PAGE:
The Thirteenth Floor
And not to have is the beginning of desire.
—Wallace Stevens, “Notes Toward a Supreme Fiction”
Enter the clatter and clutter of the thirteenth
floor, the chaos of children under clinical
light. This is the land where they wait, thin
as spidery ferns, in wheel chairs hooked
to Critikons feeding nourishment. Vital signs
dot the halls: Phlebotomy Room, Disposal Area,
I have AIDS, please hug me. Pandas and Mickey
Mouse sprawl, Clue spews from a broken box.
Parents and grandparents sit among untouched trays,
rise stiffly to coax their tiny wards to examining
rooms. Pagers and phones ring. Loudspeakers call
someone, somewhere. Ask the child why she’s crying.
She weeps words of rage at her Snoopy bandaid.
Her arm is wet from mourning the all-gone Pocahontases.
She will not speak of her bruises or blond curls
soon to fall, nor of the four years her parents
count by days and hours. You will not see beyond
the hot waiting room, behind swinging doors into
labs that never close, refrigerators filled with
tissue and blood, into computers choked with trials
and data banks, into the work, the work, the work
of piecing fragile bit by bit. Imagine the nausea,
loss of hair, a lung, childhood, a child, the world
of grandparents, foster parents, aunts, uncles,
lovers burying a lost generation and carrying on.
Feel the night sweats, not just from drugs, disease,
but because of earthquakes and shear drops, sudden
plummets in funding, research, hope. This is the country
where a child grieves Pocahontas, the warrior princess,
well-woman flag she wants to raise on her bruised, stuck
arm. Fierce desire fills the room. Look out the window.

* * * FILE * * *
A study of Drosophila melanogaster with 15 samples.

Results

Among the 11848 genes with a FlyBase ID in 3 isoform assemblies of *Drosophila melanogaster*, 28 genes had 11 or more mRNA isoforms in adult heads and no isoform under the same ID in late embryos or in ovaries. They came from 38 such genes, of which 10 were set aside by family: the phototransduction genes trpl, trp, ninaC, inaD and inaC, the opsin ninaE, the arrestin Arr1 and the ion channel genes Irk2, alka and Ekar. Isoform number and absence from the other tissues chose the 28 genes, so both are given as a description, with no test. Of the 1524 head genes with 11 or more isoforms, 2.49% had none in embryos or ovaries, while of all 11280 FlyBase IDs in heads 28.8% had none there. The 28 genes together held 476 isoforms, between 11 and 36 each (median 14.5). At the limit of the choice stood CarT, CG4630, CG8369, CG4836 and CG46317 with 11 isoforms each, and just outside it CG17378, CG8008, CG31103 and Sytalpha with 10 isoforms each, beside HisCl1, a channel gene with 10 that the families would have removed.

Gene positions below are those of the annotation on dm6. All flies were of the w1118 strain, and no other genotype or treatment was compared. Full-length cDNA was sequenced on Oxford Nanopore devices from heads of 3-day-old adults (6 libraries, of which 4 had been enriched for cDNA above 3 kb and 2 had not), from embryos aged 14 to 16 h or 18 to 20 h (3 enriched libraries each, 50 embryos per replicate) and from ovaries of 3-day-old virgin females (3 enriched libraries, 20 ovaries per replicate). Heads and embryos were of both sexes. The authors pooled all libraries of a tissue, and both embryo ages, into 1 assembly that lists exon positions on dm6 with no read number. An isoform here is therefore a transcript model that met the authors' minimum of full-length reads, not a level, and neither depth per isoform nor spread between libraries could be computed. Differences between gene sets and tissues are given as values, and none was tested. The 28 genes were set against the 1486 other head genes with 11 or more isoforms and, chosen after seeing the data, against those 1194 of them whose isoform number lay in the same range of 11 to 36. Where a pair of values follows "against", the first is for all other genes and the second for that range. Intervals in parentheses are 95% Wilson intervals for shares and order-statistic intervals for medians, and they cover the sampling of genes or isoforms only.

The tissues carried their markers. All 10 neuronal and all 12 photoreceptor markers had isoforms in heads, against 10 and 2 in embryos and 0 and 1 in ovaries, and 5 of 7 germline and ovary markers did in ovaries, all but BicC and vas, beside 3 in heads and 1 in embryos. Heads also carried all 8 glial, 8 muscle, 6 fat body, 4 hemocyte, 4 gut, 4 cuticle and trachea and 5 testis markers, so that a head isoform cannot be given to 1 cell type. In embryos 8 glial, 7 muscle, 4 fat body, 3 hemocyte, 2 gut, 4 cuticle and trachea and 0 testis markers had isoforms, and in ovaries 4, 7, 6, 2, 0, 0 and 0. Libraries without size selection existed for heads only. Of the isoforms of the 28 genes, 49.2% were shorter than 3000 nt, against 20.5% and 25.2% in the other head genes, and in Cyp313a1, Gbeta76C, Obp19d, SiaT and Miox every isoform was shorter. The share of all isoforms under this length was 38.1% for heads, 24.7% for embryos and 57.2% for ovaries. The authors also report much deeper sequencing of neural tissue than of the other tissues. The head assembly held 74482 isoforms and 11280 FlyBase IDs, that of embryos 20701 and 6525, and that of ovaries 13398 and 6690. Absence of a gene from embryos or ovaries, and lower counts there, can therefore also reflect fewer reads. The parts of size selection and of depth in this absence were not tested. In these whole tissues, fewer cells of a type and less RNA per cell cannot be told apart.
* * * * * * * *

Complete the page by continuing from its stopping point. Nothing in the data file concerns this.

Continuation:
This is the height where white geese fly at eye level,
where snow crystals turn to rain, where the sun
suddenly breaks through. Turn back. This is the land
of doctors, nurses, staff stopping, stooping, scouring
cabinets and pockets, searching for the right bandaid.
Desire and determination, passports to the thirteenth
floor, stamped day after day, in a harbor where
a child finally smiles, pointing to Pocahontas
on her raised arm just below a small, sacred fist.
Davi Walders is the author of the poetry collections Women Against Tyranny: Poems of Resistance During the Holocaust (Clemson University Digital Press, 2011), Gifts (Orit Editions, 2001), and Afternoon in the Garden (Orit Editions, 2000). From the mid 1990s until 2005, she was director of the Vital Signs Poetry Project at the Children’s Inn at the National Institutes of Health and the National Cancer Institute Clinical Center in Bethesda, MD. The Project was supported by a grant from the Witter Bynner Foundation for Poetry to provide support and writing opportunities to families whose children were HIV patients at NIH during the years of clinical drug trials. The thirteenth floor of NCI was the location of the conference room where Walders and her colleagues held writing seminars.
This poem appeared in Cancer Poetry Project: Poems by Cancer Patients and Those Who Love Them (Fairview Press, 2001), edited by Karin B. Miller, and was previously published in JAMA.